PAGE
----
Chairs may be among the most useful inventions known to humanity, but that doesn’t mean that a clever engineer or two can’t improve on the idea. As proof, we offer you this list of robotic chairs that do much more than provide a place to put your rear in.
You may have already heard of the “take a seat” chair designed for libraries. Each chair has an RFID card reader inside. When the chair is activated, it follows the user holding the card around the library, providing an ever-present place to sit while searching through the stacks. When the user leaves, the chair returns to its docking station to power up and wait for the next patron.
Perhaps you’re saying, “I don’t want a chair that follows me, I want one that follows other people while I’m in it.” Say no more: we found not one, but two walking chairs. The first legged chair, dubbed the WL-16, was designed jointly by a team at Tokyo’s Waseda University and a Japanese robotics company called Tmsuk. It uses two legs composed of several rams and a plate that acts as a foot. It is capable of maintaining its balance under the shifting weight of a rider and walking up a flight of stairs with a relatively gradual grade. It is radio controlled, but the joint team is working on installing a joystick controller on the chair.
The second walking chair we found, the Hubo FX-1, appears far more substantial: it also has legs, but they look a lot more like human legs with their knee and ankle joints. It also stands at an impressive 2 meters high, and is capable of lifting as much as 220 pounds. It is controlled with a joystick by the rider, but relies on various built-in sensors to maintain its balance and an awareness of the local terrain. Its designers at the Korea Advanced Institute of Science and Technology have not yet been able to build one with internal power, but they are attempting to fix that in the next model.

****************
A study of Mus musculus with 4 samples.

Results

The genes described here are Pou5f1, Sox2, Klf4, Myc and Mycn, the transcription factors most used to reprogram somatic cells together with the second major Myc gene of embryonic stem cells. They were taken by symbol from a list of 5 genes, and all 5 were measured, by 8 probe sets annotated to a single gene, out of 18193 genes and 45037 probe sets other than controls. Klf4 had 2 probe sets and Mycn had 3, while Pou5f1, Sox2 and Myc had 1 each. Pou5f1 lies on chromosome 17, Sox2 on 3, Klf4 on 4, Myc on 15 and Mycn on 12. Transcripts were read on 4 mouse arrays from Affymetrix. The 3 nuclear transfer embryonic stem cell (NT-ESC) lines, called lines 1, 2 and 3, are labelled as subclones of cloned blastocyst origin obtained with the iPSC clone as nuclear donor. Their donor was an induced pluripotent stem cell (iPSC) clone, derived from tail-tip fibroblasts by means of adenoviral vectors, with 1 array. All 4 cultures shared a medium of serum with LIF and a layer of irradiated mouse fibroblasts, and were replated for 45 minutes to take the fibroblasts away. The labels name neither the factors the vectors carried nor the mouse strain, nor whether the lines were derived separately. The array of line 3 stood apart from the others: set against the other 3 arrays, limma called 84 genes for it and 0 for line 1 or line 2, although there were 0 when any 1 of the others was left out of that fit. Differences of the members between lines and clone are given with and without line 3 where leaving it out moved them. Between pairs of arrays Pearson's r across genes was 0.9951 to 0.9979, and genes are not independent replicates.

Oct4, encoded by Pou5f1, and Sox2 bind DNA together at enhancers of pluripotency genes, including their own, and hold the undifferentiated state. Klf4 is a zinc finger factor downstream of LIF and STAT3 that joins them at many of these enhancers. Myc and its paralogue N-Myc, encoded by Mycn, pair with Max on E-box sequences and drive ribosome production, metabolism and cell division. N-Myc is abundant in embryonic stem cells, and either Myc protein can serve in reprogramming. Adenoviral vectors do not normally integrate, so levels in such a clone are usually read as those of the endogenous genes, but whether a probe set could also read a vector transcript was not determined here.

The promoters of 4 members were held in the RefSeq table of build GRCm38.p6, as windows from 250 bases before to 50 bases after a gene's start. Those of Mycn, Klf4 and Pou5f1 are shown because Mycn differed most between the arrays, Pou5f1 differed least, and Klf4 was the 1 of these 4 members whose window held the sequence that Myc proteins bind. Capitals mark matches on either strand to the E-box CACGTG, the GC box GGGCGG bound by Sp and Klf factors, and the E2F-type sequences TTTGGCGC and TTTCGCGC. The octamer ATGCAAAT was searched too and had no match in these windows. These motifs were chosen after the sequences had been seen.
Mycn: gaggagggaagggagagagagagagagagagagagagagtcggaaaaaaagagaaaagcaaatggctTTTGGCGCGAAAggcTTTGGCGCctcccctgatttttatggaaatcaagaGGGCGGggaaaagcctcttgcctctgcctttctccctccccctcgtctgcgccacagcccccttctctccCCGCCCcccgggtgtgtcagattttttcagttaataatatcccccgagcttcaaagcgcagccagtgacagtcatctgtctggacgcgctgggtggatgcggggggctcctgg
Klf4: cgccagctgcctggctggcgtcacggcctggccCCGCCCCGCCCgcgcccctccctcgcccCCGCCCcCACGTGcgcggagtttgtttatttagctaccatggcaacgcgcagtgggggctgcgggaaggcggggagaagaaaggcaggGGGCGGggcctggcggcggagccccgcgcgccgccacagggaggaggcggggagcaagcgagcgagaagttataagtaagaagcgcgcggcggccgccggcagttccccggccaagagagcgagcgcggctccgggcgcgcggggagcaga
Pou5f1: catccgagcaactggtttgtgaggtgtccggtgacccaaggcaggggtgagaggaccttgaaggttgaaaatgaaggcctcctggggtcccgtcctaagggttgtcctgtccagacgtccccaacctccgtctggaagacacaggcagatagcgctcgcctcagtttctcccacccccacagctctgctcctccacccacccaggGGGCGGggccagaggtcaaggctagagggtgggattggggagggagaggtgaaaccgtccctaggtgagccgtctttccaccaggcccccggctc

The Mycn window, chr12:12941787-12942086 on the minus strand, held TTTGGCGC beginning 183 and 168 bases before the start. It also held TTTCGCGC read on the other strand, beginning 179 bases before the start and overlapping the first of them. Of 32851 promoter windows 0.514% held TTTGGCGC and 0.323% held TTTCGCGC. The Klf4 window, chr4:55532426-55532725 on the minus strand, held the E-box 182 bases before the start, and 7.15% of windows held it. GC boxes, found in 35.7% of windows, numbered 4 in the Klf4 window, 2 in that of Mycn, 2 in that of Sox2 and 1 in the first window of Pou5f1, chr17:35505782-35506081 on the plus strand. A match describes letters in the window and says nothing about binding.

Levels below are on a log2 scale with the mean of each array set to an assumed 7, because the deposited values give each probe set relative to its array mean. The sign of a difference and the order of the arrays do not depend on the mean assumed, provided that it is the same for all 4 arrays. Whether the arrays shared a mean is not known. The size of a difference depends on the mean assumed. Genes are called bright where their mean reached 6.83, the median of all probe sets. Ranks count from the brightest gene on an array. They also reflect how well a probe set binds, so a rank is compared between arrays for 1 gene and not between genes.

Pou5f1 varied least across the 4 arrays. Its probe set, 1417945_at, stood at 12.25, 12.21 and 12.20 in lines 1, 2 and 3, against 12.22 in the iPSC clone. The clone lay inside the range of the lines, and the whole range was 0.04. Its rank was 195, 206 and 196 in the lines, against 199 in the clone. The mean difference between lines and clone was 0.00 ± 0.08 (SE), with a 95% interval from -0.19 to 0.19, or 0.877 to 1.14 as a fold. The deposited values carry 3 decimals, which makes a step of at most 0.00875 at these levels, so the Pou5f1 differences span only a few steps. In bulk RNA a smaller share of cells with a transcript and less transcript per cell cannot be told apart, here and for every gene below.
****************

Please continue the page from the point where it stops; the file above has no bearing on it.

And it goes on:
If those chairs are too functional and not artistic enough for your taste, check out this self-assembling chair by students at Cornell University. The chair is able to collapse into many pieces, then the pieces move toward each other, reassemble, and stand up as fully functional chair once more. It serves no practical purpose, but the concept of self assembling parts is intriguing. If you know of any other chairs that do neat tricks, let us know.